03/21/2013

Author Craig Johnson
Author Craig Johnson


Buffalo, WY.  Some think that there are only cowboys and Indians in the West, but Craig Johnson, author of the mystery series featuring Sheriff Walt Longmire, is including the reality of places like Wyoming, the least-populated state in the US, where many communities have settled, from Basques to Peruvians, who now are part of the local landscape.

In the second book of the series, A Death Without Company, Longmire investigates the murder of Mari Baroja, a former lover of the previous sheriff.  In his investigation, Longmire counts on the help of his assistant Santiago Saizarbitoria, and delves into the world of the Basque community in Wyoming.  The book has recently been published in Spanish by Siruela Publishing entitled, Una muerte solitaria.

“It would be criminal to leave them out”

Longmire’s books are very popular in the US, and have even made the New York Times Bestseller list, as well as being adapted for television.  The series called Longmire is now in its second season and has been one of the most viewed on the A&E Channel.

“Saizarbitoria hasn’t appeared in the series yet, but people are responding to the books.  When I travel, including to the Basque Country, I am often asked if there are Basques in Wyoming.  Well, yes there are.  And in Idaho, Montana, Utah, Nevada…” says Johnson.  “They are my friends and neighbors and it would be criminal to leave them out: they are a part of the American West.”

Inspired by the Basque Community

The names of the Basque characters in the book are inspired by Basque writers that Johnson has read to find out how they think,” he explains.  “The Basque culture has always interested me.  For Americans the story of the Basques is exotic and marvelous, and it easily arouses interest.”  Johnson has also obtained information from his circle of Basque friends and neighbors in Buffalo.  “When I’m on tour in the West I love to visit Basque Museums and my biggest weakness is Basque restaurants,” he confesses.

Not only the names of some of his characters, but also some of his characters themselves, have been inspired by members of the local Basque community.  “It is rare to meet someone who fits perfectly into a novel, so one usually takes parts and details of different people and puts them back together to create the necessary character, a little like Dr. Frankenstein.  This being said, I have to say that I have had some people in mind in the Basque community when it came time to write the books.”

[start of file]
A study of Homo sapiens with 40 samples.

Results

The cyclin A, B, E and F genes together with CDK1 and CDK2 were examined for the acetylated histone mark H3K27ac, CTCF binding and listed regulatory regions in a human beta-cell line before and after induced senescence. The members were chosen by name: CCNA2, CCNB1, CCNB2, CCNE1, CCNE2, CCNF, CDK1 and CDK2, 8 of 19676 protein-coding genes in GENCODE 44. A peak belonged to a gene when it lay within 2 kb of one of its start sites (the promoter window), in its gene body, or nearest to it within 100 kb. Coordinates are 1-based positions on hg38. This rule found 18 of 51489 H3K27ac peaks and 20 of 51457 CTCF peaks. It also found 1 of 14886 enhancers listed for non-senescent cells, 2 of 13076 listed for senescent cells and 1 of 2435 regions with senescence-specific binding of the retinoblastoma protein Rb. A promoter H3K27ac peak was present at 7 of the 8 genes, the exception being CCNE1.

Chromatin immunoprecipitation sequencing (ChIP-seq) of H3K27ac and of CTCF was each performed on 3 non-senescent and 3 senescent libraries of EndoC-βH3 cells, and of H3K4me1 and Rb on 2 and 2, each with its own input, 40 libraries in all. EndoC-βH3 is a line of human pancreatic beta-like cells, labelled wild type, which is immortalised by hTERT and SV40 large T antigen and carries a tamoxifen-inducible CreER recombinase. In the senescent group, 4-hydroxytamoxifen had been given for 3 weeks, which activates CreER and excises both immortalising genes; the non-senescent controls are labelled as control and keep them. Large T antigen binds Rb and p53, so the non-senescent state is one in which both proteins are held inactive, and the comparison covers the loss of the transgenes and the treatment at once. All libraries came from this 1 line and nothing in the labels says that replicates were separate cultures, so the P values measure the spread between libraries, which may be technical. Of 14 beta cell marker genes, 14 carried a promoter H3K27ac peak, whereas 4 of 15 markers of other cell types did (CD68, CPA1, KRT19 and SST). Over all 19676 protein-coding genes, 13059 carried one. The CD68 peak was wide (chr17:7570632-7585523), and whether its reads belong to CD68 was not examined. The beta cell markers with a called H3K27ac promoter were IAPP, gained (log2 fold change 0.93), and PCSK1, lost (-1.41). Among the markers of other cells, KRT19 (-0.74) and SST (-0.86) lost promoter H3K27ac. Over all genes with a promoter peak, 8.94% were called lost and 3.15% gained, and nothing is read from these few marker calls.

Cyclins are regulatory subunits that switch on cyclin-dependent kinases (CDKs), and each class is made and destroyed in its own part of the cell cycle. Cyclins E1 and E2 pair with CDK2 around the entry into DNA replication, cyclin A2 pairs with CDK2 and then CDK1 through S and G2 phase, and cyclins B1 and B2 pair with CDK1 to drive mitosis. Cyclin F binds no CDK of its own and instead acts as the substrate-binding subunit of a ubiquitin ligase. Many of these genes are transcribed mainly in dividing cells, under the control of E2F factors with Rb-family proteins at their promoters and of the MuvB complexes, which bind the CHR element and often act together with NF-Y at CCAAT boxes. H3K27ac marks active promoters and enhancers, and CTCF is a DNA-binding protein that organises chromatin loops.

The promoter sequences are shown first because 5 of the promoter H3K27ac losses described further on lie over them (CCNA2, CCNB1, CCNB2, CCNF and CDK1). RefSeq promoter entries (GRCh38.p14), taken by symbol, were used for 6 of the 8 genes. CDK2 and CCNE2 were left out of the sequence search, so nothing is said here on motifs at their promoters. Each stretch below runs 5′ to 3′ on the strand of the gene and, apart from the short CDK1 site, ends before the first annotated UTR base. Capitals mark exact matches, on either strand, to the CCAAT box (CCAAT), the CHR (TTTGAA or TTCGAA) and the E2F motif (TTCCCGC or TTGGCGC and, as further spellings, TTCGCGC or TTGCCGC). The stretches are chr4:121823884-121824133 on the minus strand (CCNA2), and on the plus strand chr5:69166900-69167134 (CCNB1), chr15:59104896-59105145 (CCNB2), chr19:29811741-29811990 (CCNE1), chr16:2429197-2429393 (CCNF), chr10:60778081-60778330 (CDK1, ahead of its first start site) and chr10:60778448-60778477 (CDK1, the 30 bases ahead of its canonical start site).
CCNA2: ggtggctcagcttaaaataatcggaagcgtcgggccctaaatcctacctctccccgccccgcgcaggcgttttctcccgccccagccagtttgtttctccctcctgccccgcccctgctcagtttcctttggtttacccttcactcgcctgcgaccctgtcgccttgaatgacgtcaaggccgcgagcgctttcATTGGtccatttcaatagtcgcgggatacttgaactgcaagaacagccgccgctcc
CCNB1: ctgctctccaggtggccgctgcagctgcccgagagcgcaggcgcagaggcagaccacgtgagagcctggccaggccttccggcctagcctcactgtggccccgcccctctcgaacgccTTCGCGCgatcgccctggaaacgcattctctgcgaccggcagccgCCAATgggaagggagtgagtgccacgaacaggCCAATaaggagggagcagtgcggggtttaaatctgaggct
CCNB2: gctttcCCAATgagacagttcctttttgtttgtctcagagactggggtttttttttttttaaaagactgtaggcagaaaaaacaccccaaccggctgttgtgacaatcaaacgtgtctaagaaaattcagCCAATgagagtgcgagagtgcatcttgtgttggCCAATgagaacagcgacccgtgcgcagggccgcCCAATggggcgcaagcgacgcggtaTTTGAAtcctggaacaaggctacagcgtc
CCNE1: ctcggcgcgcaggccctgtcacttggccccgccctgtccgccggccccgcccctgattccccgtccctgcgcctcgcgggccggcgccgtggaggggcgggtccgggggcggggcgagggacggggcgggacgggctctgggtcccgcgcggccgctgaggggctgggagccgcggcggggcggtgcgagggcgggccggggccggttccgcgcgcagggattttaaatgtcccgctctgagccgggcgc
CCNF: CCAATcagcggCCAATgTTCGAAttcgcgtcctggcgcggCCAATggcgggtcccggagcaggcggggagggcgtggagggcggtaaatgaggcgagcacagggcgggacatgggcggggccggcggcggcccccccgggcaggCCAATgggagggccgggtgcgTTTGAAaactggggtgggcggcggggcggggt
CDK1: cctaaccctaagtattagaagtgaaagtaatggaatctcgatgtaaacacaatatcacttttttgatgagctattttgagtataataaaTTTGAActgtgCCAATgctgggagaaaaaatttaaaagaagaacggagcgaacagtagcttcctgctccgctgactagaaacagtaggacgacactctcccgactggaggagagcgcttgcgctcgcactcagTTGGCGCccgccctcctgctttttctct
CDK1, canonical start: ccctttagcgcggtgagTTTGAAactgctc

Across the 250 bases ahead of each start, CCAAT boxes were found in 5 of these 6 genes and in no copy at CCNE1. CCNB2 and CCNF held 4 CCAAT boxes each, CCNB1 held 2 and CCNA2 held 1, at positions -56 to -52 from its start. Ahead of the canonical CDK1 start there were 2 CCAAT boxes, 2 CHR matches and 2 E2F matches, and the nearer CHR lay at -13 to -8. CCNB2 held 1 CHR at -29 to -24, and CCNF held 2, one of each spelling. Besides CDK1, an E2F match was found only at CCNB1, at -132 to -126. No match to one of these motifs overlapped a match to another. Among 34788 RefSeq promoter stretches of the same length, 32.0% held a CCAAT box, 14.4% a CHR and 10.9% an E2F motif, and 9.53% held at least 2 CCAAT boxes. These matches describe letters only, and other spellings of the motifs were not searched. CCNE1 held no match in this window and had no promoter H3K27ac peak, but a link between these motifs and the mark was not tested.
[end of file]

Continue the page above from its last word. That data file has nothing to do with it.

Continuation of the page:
A trailer from Longmire

Western Police

The series brings together two different aspects of the detective novel and landscapes, solitude and characters in westerns.  The Indian community is very present in the books since the ranch where Johnson lives is close to Crow and Cheyenne territories.  “Indians,” says Johnson.  “All the Indians that I know laugh when they are referred to as Native Americans.”

The mythology of the western also includes a Sheriff’s helper, Victoria “Vic,” Moretti, a woman of character with a foul mouth.  “All the police that I have worked with talk like that,” says Johnson, who before becoming a writer was a policeman.  Along with her are other characters like Cheyenne, Crows, Vietnamese, Guatemalans…and Assistant Saizarbitoria, in a series that serves as a door into the real and contemporary west.  A west that thanks to Longmire and his investigations continues to be captivating as the legendary Wild West.